Conflict in Syria four years on is world’s largest humanitarian crisis

[Anglican Alliance] As the terrible torment of the Syrian people continues into its fifth year, the #withSyria coalition of international agencies calls on world leaders to fulfill their commitments to bring an end to the conflict and suffering.

The Syrian crisis is the largest humanitarian crisis in the world today. More than 200,000 people have been killed and more than half of all Syrians have been forced to abandon their homes. More than 7.5 million people are displaced within Syria and four million have fled to neighboring lands in Lebanon, Turkey, Iraq and Jordan.

In total, 12 million people are in desperate need of humanitarian assistance. The United Nations calls it “the worst humanitarian crisis of our time.” Recent freezing winter conditions have made vulnerable families ever more at risk, particularly children, the elderly and people with disabilities.

The #withSyria coalition has launched a global petition calling on world leaders to do more to end the suffering of the Syrian people.

#withSyria calls for:

  • a significant increase to the humanitarian response
  • asylum safety for refugees
  • an end to attacks on civilians
  • a political solution respecting human rights

The campaign highlights the horror of the situation but also the courage and resilience of the Syrian people. Dr. Hassan, who is a surgeon in Aleppo, Syria, said: “Marwan was on the operating table when the lights blinked and fizzed out. The nurse pulled her mobile phone from her pocket – generating the only light in the pitch-black basement. Others followed suit, producing just enough light to allow me to finish repairing his broken little body.”

Raya, a mother of four who fled from Dara’a to a refugee camp in Jordan, said: “One should never give up hope. I hold on to any bits of hope because I do not want to fall. Even if I do fall, I must stand up on my feet again in order to support and protect my children.”

Among others in the international community, many Anglican and ecumenical agencies are involved in the humanitarian response, through their ACT Alliance sister agency, the International Orthodox Christian Charities (IOCC), to reach people with food, bedding, water clothes, shelter, healthcare and education.

The Primate’s World Relief and Development Fund (Canada)
Anglican Board of Mission (Australia)
Anglican Overseas Aid (Australia)
Christian Aid (UK)

PWRDF has also responded to the needs of Syrians affected by the conflict as part of Canadian Foodgrains Bank’s (CFGB) $4 million response which provides food for some 55,000 displaced people and refugees in Syria, Lebanon and Jordan each month.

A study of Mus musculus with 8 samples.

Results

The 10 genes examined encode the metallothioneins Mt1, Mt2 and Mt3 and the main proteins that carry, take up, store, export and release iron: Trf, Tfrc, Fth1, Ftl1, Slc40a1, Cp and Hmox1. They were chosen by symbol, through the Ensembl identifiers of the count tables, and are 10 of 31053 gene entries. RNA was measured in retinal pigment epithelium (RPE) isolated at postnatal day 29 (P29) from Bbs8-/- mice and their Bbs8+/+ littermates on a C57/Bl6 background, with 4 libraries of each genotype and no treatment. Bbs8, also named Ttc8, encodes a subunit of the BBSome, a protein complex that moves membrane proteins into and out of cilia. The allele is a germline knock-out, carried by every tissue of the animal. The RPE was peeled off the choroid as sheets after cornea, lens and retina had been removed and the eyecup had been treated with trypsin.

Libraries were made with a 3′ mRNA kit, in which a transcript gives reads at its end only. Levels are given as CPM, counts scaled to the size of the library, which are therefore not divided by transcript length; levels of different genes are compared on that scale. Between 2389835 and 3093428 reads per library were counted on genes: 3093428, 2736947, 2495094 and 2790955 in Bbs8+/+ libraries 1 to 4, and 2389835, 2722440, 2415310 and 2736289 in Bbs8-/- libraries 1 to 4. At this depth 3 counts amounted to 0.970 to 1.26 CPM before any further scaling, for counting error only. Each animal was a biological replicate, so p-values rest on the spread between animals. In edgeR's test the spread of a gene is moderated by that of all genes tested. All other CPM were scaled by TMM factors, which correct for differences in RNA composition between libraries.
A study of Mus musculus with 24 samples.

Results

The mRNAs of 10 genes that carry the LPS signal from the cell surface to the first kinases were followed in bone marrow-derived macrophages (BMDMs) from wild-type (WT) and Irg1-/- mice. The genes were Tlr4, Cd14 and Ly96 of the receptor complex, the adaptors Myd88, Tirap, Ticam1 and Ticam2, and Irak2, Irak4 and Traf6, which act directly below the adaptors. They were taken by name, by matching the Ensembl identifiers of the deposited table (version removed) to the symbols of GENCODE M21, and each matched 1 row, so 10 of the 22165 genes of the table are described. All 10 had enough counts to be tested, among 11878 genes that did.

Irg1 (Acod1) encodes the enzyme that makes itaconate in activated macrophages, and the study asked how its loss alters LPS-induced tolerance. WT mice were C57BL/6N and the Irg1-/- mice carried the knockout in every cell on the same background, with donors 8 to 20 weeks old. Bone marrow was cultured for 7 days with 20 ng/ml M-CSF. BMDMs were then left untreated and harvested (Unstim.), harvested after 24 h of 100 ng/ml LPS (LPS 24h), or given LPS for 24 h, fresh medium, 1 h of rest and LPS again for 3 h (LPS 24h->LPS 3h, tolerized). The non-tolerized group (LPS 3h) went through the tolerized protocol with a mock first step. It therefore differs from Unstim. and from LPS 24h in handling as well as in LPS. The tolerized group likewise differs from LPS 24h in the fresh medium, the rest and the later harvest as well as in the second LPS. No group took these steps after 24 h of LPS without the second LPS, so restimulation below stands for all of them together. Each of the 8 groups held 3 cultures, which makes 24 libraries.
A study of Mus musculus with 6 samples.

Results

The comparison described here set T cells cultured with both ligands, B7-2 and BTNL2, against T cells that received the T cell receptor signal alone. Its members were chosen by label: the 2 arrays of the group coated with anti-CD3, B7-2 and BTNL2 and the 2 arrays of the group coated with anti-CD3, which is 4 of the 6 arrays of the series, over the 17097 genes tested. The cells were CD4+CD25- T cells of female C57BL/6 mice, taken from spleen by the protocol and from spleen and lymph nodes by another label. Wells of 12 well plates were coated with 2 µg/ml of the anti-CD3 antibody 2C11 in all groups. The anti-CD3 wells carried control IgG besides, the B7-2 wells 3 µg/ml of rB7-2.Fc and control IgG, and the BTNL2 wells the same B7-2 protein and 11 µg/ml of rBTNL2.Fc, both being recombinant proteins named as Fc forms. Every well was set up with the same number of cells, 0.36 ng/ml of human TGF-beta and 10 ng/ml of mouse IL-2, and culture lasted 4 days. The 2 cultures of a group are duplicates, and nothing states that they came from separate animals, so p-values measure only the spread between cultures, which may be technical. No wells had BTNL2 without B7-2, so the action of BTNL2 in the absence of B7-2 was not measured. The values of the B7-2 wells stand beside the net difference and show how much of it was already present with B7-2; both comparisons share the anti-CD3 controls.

To date they have reached more than two million vulnerable people working often in the most volatile areas.

Episcopal Relief & Development (USA) is responding through the Fellowship of Middle East Evangelical Churches’ (FMEEC) relief efforts in Syria.

The Jerusalem and Middle East Church Association is supporting refugees in Amman, Jordan.

PWRDF has also written to the Canadian government out of a growing concern over the plight of Syrian refugees.

Christian Aid’s partners in Lebanon, Iraq and Syria are working to provide vital assistance to thousands of displaced families by distributing food, fuel for cooking, hygiene and sanitation kits, water containers, cash assistance and psychosocial support.

Us (formerly USPG), through their Rapid Response Syria appeal, are supporting an education program, run in partnership with Embrace Middle East, for children whose families have fled the turmoil in Syria.

The Anglican Alliance asks that we all people come together to pray and act for peace in Syria and for humanitarian support to its suffering peoples.

Sign the petition at www.withsyria.com and support the appeals linked above.

Comments

  1. Another avenue to help probably the most fragile of all the refugees is to support the work that the Holy Land Institute for the Deaf is doing in the Zaatari refugee camp in northern Jordan. HLID is providing assessment and treatment for disabled children and adults. They are bringing in audiologists, physical therapists and other specialists to address the needs of blind and low vision, deaf and physically disabled refugees. They provide appropriate glasses, hearing aids, braces and wheelchairs to those whose lives have been ravaged.

    Tax deductible gifts can be made through the American Friends of the Episcopal Diocese of Jerusalem, http://www.afedj.org or by mail at 25 Old King’s Highway North, Suite 13, Darien CT 06820. The Diocese of Jerusalem is offering other programs to refugees in Amman and Marka, Jordan. Brother Andrew, Director of HLID will be in the US in early May to meet donors and tell of HLID’s important work.

    These families face unimaginable crisis. We can do something now to help.